Chris Carter sometimes says things that he shouldn’t.
Last January, after watching the San Diego Chargers completely dismantle the offense of the Baltimore Ravens and rookie quarterback Lamar Jackson in their playoff game, Carter said on his Fox sports show:
“Kyler Murray’s a better football player than Lamar Jackson right now. Murray would’ve been better off against the Chargers than Lamar.”
At the time, half the world probably agreed with Carter. Jackson had been embarrassed by the Chargers’ surprising defense in that game and Murray was on the banquet tour of his final college season, a season that ended with the Heisman trophy and a high-flying performance in the Orange Bowl, college football’s championship game.
Risk And Reward
Fast forward to August of 2019, two games into the NFL preseason, and it seems Carter is now whistling a different tune.
This week, Carter stated on his show (‘First Things First’), that the big reason Kyler Murray was made the number one pick in the college draft stemmed from the regret that several executive’s had in whiffing on similar smaller quarterbacks like Russell Wilson and Baker Mayfield in the past.
Arizona’s executives just couldn’t take that chance with after seeing Wilson and Mayfield resurrect their NFL franchises. To them, Murray sure looked the part.
Carter also spent a good deal of time explaining the disadvantages of Murray’s circumstances playing for a pretty awful team, a distant cry from his past praise of Murray as being a better quarterback than the one playing for the NFL team in Baltimore.
Chris Carter’s rationalizations aside, we can surmise this without being jerks about it: Kyler Murray has shown, quite early in two preseason games, that one, he’s no Russell Wilson, and two, he’s got a lot to learn before he begins winning games in the NFL.
You can also toss in that he’s not 5’ 10”. Not even close.
The Minnesota Vikings, the team the Cardinals play against at US Bank Stadium on Saturday afternoon, will be no easy lesson for Murray, as Mike Zimmer’s penchant for ruining the days of young quarterbacks is a strong one.
No doubt he’ll be pressing the pedal of his defensive engine in this game three exhibition and seeing how a young athlete like Murray reacts.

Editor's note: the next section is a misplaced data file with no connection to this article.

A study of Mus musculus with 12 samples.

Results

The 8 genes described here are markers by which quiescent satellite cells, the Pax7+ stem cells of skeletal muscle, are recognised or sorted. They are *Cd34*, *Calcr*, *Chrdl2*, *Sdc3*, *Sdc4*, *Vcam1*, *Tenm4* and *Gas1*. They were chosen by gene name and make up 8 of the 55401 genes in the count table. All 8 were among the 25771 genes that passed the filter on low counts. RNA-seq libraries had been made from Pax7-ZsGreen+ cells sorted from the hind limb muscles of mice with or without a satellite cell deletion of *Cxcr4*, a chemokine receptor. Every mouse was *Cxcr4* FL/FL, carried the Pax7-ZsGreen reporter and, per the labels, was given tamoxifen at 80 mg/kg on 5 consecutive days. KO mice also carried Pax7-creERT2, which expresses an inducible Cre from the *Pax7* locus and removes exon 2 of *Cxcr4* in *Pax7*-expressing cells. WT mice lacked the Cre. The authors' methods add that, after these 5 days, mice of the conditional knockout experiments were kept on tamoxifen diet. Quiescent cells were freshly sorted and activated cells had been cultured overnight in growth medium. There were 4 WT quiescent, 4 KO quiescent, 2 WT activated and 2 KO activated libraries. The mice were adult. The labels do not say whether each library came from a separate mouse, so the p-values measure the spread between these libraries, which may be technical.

However, the Vikings’ focal point won’t be in creating good feelings about their defensive team, but instead closely by examining players that will provide the talent, skill and execution of their roles to help them improve on a 7-8-1 2018 season.
The closest inspection of which may be at the quarterback spot where second-year player Kyle Sloter is trying to take the understudy position from what looks to be a tentatively-placed Sean Mannion.
Mannion has not played badly in the preseason, but hardly as well as Sloter, who has led winning drives in both games and racked up impressive numbers, going 17-20 for 178 yards, two touchdowns and no interceptions.
An emotional response to such numbers might lead someone to believe that Sloter is ready to take the backup role with aplomb, especially as one examines his accuracy, coolness, and fourth quarter leadership.
But that someone is not his head coach.
“He’s got to get a lot better in the other parts of being a quarterback,” Mike Zimmer said this week of Sloter. Making the right checks, getting people in the right formation, making sure the motion is there, not missing time clock with 8 yards in front of you.”
And a zinger: “There are a lot of things he has to get better at if he wants to be the backup quarterback.”
Boiling that down–the “right checks” and “getting people into formation” is pure coach speak to the fact that Zimmer is aware that Kyle Sloter has been competing against 3rd and 4th string players in the preseason games where he’s shined.
If this young quarterback hasn’t shown Zimmer and offensive coordinator Kevin Stefanski that he’s an astute and nearly compete player at that level of competition, they know he’ll be eaten alive against starting NFL defenses.
No Business Like Show Business
Murray and Sloter offer a unique perspective of the NFL, a game that is marketed throughout the world.
A player like Kyler Murray, with his golden pedigree and big rookie contract gets fed to the wolves out of necessity for a franchise, while Kyle Sloter could only become a starting quarterback if his team faced an unlikely misfortune of injuries.
In that case, it’s a matter of organizations at this point.
The Cardinals cut QB Sam Bradford last November, then traded their first-round pick of 2018 (Josh Rosen) to Miami, leaving them with a backup quarterback this year named Brett Hundley, a guy who didn’t even play in the league 2018.
In Minnesota, two guys (Sloter and Mannion), are in the fight of their lives for that backup role behind a clear incumbent who has shown concrete durability.
Sloter’s mission now should be clear: satisfy his coaches just with a performance akin to the one that he’s excited the fans at US Bank stadium with.
Let’s not believe for a moment–even if Sloter outshined all of the quarterbacks in his position room on Saturday–that he would be the appropriate leader for this offense before that happens.
Ask for Murray, there is most likely a similar set of problems, anxieties, and tasks before him.
With one glaring difference.
His team’s talent, new coaching staff, and organization is still to be judged, while the Mike Zimmer defense he’ll be facing on Saturday has a jury that’s come in.